Yet, the tremendous work of the SMA Fathers nearly ended before it even began. Although the SMA Fathers are saturated in distinctly Irish roots, the missionary congregation traces its history to France. In 1856, Bishop Melchior de Marion Bresillac experienced a heartfelt missionary commitment to bringing the Gospel of Jesus Christ to the people of Africa. When the first missionary priests, including Bishop Bresillac, arrived in Freetown, Sierra Leone (West Africa) in the spring of 1859, all of them were struck by yellow fever and died.
Although Pope Pius IX was deeply saddened by the news, he reaffirmed his resolve on the urgency of the African mission and reminded the SMAs that "a work thus begun shall never perish." So it was that despite its difficult beginnings, the Society of African Missionaries survived and prospered.
Cardinal Richard Cushing invited the SMA Fathers to the Archdiocese of Boston in 1946. The Center House in Dedham tasked itself with promoting awareness and seeking support for its work in the rapidly developing Church in Africa. That task continues with the blessing of Cardinal Seán O'Malley who has encouraged the new generation of the SMA Fathers assigned in the archdiocese to assist local pastors in inner city churches.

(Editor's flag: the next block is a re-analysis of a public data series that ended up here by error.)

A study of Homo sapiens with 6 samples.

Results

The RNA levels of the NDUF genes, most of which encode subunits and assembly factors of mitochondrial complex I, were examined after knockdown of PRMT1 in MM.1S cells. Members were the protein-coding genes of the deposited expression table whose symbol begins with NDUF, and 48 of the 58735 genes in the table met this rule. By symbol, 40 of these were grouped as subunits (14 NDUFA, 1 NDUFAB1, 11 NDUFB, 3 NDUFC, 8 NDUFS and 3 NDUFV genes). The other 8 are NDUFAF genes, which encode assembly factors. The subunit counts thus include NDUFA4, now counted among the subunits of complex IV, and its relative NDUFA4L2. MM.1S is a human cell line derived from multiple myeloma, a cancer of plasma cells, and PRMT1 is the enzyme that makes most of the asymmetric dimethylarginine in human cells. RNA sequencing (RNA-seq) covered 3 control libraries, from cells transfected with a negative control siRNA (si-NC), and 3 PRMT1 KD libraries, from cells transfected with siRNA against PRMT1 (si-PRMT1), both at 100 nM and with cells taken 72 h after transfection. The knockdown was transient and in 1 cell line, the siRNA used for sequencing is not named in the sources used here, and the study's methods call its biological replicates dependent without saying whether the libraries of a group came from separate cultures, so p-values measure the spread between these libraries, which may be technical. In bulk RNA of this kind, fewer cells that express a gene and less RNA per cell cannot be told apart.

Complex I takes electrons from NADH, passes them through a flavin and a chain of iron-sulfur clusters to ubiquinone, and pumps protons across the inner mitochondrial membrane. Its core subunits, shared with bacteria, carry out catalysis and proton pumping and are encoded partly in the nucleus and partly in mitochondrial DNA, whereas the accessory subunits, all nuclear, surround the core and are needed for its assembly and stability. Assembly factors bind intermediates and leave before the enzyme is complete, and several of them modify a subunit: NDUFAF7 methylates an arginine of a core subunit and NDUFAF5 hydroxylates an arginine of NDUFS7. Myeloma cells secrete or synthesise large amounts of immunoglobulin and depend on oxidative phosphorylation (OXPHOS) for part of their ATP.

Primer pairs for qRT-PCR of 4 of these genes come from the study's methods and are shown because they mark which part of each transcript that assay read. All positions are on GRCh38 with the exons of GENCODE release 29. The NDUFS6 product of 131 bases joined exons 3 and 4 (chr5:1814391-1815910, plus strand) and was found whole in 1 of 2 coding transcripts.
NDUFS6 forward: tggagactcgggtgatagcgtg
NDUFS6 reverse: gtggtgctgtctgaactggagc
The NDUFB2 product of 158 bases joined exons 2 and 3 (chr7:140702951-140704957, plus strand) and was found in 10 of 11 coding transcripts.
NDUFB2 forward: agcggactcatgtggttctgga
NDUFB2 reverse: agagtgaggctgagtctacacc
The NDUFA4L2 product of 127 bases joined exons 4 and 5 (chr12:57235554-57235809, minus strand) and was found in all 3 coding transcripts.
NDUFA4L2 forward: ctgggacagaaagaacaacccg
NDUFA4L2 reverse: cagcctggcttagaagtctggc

Today, the Society of African Missionaries numbers just under 1,000 priests and is blessed by a stream of promising new vocations for its future. For more information on the Society for African Missionaries, contact The SMA Fathers, 23 Bliss Avenue, Tenafly, N.J. 07670.
Frank Mazzaglia is associated with the Missionary Alliance, which is comprised of religious missionary congregations of priests, sisters, brothers, and lay people whose members toil in the vineyards for Christ all over the world.